Friday, October 08, 2010

Amputations increase with surge in Afghanistan


Marine Cpl. Tyler Southern celebrates Aug. 20 after his arrival at his Jacksonville home. Southern was awarded a Purple Heart after he lost both legs and an arm to an improvised explosive device in Afghanistan.
By Bob Self, Florida Times-Union via AP

By Gregg Zoroya, USA TODAY, Oct 5, 2010

The number of U.S. soldiers who have suffered amputations in Afghanistan has increased sharply over last year as more troops move into Taliban territory, according to Army data.

Amputations rose from 47 in 2009 to 77 through Sept. 23 of this year, or an increase of more than 60%, the Army reports.

The chief cause of the injuries are improvised explosive devices — or IEDs — that are planted in the ground or along roads, according to the International Security Assistance Force, which oversees military operations in Afghanistan.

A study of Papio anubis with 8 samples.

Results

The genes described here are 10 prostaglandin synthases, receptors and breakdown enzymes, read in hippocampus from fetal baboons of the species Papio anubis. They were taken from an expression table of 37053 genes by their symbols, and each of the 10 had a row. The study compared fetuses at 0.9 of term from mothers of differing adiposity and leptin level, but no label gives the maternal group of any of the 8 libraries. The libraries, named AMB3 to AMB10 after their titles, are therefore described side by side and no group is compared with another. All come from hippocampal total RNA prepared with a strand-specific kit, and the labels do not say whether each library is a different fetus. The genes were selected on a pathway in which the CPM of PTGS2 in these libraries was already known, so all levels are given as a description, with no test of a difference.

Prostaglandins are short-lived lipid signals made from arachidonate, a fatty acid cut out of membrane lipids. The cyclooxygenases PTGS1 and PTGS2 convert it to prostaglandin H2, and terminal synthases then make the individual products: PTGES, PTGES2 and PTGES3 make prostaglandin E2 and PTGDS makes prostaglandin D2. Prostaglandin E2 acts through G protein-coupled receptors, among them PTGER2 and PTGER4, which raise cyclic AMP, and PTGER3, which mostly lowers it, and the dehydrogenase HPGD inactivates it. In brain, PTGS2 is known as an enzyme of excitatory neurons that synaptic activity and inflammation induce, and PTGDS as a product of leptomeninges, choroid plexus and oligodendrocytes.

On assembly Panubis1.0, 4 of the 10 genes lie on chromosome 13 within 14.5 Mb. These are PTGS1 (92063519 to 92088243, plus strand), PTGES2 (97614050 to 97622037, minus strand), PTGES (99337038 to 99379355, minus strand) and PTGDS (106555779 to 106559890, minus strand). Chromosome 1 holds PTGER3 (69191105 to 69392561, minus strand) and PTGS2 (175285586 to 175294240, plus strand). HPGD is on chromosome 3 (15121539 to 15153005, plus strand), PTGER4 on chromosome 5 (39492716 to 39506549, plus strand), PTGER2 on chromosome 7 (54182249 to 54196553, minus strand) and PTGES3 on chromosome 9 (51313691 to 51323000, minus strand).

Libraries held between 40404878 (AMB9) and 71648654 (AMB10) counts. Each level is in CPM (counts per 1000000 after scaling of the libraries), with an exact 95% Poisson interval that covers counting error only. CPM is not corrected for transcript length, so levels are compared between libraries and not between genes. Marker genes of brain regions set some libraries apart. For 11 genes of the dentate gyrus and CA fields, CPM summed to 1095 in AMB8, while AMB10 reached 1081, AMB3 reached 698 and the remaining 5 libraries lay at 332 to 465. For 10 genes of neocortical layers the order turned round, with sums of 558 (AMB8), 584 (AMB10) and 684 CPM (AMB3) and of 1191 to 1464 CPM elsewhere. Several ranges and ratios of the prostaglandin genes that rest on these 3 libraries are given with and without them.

Coalition forces have been hit by more IEDs in recent weeks as the surge in U.S. troops allows for expanded operations into traditional Taliban strongholds in Kandahar and Helmand provinces in southern Afghanistan.

“The patients survive only because (of) the wearing of body armor,” along with the use of tourniquets in the field and rapid evacuation to a hospital by helicopter, said Navy Cmdr. Eric Elster, lead surgeon at a NATO hospital outside Kandahar City.

The vast majority of amputations involve the loss of either an arm or leg, but a dozen soldiers this year have had multiple amputations, twice the number of such cases in 2009.

At the NATO hospital, doctors amputated a major limb — a leg or arm — an average of once every other day in September, according to Navy Capt. Michael Mullins, a hospital spokesman. The operations included not only U.S. troops, but also NATO troops, Afghan soldiers and civilians, Mullins said.

A recent Pentagon report said IEDs are now the “the most serious threat” to coalition forces, killing 6,200 allied and Afghan troops in fiscal year 2009, compared with 3,800 in 2008.